Lapland records hottest day for more than a century as heatwave grips Nordic countries

Lapland has recorded its hottest temperature for more than a century after hitting 33.6C (92.5F) during a heatwave which has been gripping Finland.

The figure at the Nordic country’s Utsjoki-Kevo weather station near the border with Norway was recorded by the Finnish Meteorological Institute on Monday.

It marks the warmest day in Lapland since 34.7C (94.5F) was registered in the Inari Thule area in July 1914 – and comes as extreme heat grips other parts of the world, including in North America.

For many Britons, Lapland is associated with Christmas and is known for its cold climate and long winters, while the summers are normally intense and short with average day temperatures sitting around 20C (68F).

Jari Tuovinen, from the Finnish Meteorological Institute, told public broadcaster YLE that it was “exceptional” for Lapland to record temperatures of over 32C (90F).

He said the current heatwave is a result of prevailing high pressure causing warm air in the area.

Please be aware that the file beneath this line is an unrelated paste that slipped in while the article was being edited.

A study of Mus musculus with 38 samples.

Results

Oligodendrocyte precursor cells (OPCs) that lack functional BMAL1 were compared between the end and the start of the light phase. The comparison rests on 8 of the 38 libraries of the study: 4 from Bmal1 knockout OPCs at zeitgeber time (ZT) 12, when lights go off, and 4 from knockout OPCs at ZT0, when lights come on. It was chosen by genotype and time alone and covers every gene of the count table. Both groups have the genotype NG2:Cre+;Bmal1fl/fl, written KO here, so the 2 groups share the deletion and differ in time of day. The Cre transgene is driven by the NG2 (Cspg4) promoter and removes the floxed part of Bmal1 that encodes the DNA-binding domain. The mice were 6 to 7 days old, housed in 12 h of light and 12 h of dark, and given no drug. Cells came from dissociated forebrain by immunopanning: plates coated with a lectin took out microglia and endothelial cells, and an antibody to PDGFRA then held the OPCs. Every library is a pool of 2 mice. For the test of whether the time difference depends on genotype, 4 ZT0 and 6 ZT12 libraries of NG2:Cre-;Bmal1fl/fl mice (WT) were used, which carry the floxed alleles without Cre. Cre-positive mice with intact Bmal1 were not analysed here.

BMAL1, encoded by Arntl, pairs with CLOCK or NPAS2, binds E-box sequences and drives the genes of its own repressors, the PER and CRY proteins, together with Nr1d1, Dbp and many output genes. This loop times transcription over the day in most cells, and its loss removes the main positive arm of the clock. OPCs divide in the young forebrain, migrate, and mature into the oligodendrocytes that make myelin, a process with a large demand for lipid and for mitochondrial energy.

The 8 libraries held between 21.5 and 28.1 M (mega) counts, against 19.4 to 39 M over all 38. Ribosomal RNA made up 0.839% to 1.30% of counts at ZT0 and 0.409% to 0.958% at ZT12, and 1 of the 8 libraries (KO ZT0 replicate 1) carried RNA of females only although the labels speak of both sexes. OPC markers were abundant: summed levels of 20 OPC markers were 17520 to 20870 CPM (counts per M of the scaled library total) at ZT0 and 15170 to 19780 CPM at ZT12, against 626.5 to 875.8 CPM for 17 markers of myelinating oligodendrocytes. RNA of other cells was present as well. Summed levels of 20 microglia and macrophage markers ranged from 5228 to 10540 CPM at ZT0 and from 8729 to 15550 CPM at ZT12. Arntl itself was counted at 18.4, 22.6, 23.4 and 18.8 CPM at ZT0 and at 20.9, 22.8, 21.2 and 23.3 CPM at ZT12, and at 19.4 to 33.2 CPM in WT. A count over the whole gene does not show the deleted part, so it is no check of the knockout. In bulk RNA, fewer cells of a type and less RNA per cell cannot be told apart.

“Warm air has been brought in from central Europe to the north through the Norwegian Sea,” Mr Tuovinen said.

It comes after Finland registered its hottest temperature for June since records began in 1844 and as Nordic neighbours Norway and Sweden also endured sweltering heat in the north, with the Norwegian municipality of Saltdal recording 34C (93F) this week.

While Scandinavia endures a heatwave hundreds of people are feared to have died in North America due to extreme conditions.

Temperatures have reached as high as 50C (122F) in Canada while in the US, cooling centres were set up as the mercury climbed to around 46C (115F) in western cities such as Seattle and Portland.

The month of June was also the hottest on record in New Zealand, with temperatures at 24 locations around the country reaching a new all-time high.

Last week, UN scientists confirmed that Antarctica, one of the fastest-warming places on the planet, had registered its hottest-ever temperature of 18.3C (64.9F), which was taken in 2020.

Following the verification of the figure, experts said it was “consistent with the climate change we are observing”.